After adding a catcher to the mix with the Matt Wieters signing there are new questions, but here are what we picked as the Top 5 Nationals storylines last week.

MLB: Washington Nationals- Workouts Steve Mitchell-USA TODAY Sports

We sent our ideas for the Top 5 Spring Training Storylines for the 2017 Washington Nationals to SB Nation video artist Ryan Walton, and he sent back the video below, which counts them down. You can just go down there and see what they are, for a quick summary of what follows, but we thought we’d provide some text to go with moving images.

5. Is Stephen Strasburg past last year’s pronator tear?:

The early returns are positive. Strasburg is in camp, throwing (seemingly) without any limitations after his 2016 campaign ended in early September when the right-hander was diagnosed with a partially torn pronator in his right arm after initially landing on the DL with “elbow soreness” in August...

GM Mike Rizzo was quick to dismiss any concerns in an interview on Sirius XM’s Fantasy Sports’ hosts Jim Bowden and Craig Mish on Monday afternoon.

“Stras is a non-issue. He’s in his preparation-for-Opening Day-type of mode to prepare himself to pitch,” Rizzo said.

Asked is he’d handle Strasburg any differently this Spring, Nats’ skipper Dusty Baker said he was satisfied with how they handled the right-hander last time around.

“We handled him pretty good last Spring. What was he [13-0], that’s pretty good and then he ran into a little snag.”

Will Strasburg be able to avoid any snags this season?

4. Should we worry about Max Scherzer’s right ring finger?:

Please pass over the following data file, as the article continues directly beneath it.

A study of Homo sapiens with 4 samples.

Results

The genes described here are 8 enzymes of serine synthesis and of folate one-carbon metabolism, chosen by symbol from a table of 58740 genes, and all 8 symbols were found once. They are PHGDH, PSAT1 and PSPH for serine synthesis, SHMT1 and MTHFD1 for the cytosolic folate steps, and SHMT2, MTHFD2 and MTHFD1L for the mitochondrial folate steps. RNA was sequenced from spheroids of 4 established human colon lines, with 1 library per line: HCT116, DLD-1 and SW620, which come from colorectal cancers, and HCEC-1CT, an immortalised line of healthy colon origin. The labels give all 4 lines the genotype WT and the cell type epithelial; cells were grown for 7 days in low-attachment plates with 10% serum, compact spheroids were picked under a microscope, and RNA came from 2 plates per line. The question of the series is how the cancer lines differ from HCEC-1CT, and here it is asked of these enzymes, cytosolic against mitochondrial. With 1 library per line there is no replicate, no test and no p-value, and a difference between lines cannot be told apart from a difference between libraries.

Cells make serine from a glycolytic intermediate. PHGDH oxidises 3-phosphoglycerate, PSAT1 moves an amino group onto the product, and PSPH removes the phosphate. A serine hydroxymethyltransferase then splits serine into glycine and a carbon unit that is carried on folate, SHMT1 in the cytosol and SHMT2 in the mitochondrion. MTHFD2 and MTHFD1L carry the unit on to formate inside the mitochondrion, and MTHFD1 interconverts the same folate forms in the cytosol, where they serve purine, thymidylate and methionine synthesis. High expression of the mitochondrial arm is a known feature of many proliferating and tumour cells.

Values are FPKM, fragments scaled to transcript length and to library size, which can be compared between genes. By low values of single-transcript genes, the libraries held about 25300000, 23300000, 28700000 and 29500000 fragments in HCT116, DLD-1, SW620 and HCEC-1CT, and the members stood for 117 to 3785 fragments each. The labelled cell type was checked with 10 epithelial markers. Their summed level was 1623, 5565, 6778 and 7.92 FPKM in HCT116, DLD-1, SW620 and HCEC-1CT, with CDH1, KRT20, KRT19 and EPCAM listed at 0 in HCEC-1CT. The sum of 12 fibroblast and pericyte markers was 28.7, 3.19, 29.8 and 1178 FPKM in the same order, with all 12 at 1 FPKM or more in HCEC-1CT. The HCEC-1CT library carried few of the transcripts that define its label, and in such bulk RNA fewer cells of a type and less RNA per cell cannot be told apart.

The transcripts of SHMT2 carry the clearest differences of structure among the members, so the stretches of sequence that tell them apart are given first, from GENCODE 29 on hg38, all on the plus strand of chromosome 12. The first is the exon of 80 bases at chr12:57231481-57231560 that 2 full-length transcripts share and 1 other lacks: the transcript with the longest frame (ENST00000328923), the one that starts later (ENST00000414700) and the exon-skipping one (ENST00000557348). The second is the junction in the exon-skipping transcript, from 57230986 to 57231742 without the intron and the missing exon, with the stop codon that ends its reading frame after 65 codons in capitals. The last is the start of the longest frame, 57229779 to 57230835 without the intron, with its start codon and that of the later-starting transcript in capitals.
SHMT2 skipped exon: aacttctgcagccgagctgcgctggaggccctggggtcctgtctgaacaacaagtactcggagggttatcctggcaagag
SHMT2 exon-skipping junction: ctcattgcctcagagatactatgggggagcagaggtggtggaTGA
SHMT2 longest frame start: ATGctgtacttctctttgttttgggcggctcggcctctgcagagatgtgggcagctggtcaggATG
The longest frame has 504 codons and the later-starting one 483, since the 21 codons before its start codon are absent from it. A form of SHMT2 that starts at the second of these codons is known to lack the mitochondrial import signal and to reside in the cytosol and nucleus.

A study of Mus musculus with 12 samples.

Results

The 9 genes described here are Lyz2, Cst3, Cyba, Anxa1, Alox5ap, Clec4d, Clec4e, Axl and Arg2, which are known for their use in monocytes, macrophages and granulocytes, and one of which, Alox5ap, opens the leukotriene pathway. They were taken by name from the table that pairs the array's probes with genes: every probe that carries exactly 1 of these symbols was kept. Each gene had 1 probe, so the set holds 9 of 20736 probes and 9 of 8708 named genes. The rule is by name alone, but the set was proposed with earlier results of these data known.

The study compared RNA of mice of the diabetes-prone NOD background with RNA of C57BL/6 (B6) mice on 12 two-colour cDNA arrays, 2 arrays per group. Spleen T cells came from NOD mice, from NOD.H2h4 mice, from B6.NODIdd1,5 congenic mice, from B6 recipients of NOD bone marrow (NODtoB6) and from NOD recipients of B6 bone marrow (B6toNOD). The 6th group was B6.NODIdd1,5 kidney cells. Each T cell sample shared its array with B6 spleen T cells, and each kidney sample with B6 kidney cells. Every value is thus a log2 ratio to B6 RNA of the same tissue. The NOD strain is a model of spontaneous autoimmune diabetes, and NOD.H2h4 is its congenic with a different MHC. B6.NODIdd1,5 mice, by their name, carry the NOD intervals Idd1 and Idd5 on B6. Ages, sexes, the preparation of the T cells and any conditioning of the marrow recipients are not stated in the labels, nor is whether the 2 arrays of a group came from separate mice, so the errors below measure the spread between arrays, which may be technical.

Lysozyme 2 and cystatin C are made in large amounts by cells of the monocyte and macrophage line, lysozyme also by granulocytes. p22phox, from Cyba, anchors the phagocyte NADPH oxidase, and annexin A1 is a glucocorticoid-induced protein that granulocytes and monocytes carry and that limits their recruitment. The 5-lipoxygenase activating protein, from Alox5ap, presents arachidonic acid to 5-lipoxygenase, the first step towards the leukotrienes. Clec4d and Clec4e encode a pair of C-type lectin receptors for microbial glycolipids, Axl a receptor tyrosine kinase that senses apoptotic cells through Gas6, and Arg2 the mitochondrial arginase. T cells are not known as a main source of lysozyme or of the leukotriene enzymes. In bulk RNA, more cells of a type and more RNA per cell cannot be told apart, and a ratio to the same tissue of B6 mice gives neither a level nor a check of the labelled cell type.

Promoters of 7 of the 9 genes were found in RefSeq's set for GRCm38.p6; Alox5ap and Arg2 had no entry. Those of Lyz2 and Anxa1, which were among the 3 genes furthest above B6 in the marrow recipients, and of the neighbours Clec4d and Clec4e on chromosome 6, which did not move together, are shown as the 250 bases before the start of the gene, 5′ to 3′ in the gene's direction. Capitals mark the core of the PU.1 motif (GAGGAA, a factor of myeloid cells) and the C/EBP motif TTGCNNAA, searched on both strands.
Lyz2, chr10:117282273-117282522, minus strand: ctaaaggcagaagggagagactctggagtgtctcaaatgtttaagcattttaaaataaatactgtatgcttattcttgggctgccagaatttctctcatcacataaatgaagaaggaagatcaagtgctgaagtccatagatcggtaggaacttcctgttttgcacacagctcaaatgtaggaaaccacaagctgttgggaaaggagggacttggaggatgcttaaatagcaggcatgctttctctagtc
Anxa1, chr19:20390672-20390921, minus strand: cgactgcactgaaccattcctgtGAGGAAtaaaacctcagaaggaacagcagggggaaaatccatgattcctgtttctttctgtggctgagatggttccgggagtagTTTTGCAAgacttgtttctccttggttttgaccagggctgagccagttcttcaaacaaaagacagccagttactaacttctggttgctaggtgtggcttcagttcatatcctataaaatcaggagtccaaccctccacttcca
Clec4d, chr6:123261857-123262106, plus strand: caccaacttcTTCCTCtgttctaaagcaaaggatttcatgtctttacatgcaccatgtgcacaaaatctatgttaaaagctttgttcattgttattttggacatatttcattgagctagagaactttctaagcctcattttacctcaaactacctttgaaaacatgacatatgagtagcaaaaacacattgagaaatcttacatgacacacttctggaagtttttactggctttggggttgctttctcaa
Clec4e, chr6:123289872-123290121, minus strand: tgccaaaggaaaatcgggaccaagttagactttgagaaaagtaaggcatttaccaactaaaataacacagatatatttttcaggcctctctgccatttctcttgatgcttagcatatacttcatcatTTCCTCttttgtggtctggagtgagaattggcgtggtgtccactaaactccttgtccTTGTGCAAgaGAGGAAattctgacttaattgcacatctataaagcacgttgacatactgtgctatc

“I’ve dealt with aches and pains and strains and sprains, but this is a whole different ballgame. When you start dealing with a fracture, rest is really your only option and way of making it heal,” Max Scherzer told reporters last week in his first interview of the Spring.

Scherzer was throwing fastballs with a three-finger grip as he waits for the right ring finger to heal from a stress fracture that reportedly started as a sprain in late August last season, but he’s reportedly back to his normal grip and moving forward.

3. Who’s going to end up closing in D.C.?:

Will it be Shawn Kelley? Blake Treinen? Koda Glover? Rizzo said on Monday that in spite of the repeated attempts to sign a closer this winter, the Nationals believe that the in-house options will produce a reliable late inning arm.

“We’re going to go into camp and we think that our ninth inning performer is on the roster right now, they’re in camp right now,” Rizzo said on Monday.

Baker said that one thing is for sure: It won’t be closer-by-committee in the nation’s capital.

“I don’t like by-committee,” Baker explained, “because when the phone rings I want guys to know mentally when they might be in the game.”

2. Is this Dusty Baker’s last run in Washington, D.C.:

Dusty Baker would like an extension that will keep him on the bench in D.C. beyond the 2017 campaign. He doesn’t, however, want it to become a distraction.

“I mean, everybody likes security,” Baker told reporters, including Washington Post writer Jorge Castillo last week:

“Everybody likes to know what their future is going to be even though it doesn’t amount to much. But I’m very confident that we’d get things worked out. You’d like to do it sooner rather than later because I don’t want to be a distraction to my team.”

1. Will Bryce Harper make pitchers pay for 2016?:

Bryce Harper knows what was wrong last year that led to his struggles on offense, but he’s not telling reporters (or opposing pitchers) what it was.

“I know exactly why,” he said this past weekend when asked why he struggled.

“But that’s all last year and that’s what you go through and you build and you grow and you try to maintain and that’s what I’m going to try to do again this year.”

Baker said he’s excited to work with Harper again in their second season together in D.C.

“He’s a pretty cool little dude,” Baker said. “He’s pretty hip on a lot of fronts. He listens to his variety of music and how he dresses.

“He’s not afraid to be Bryce. I think he knows himself probably better than most 23-year-olds do. I enjoy being around him.

“What you see is what you get. You don’t any get fakeness out of Bryce and he’s easy to deal with.”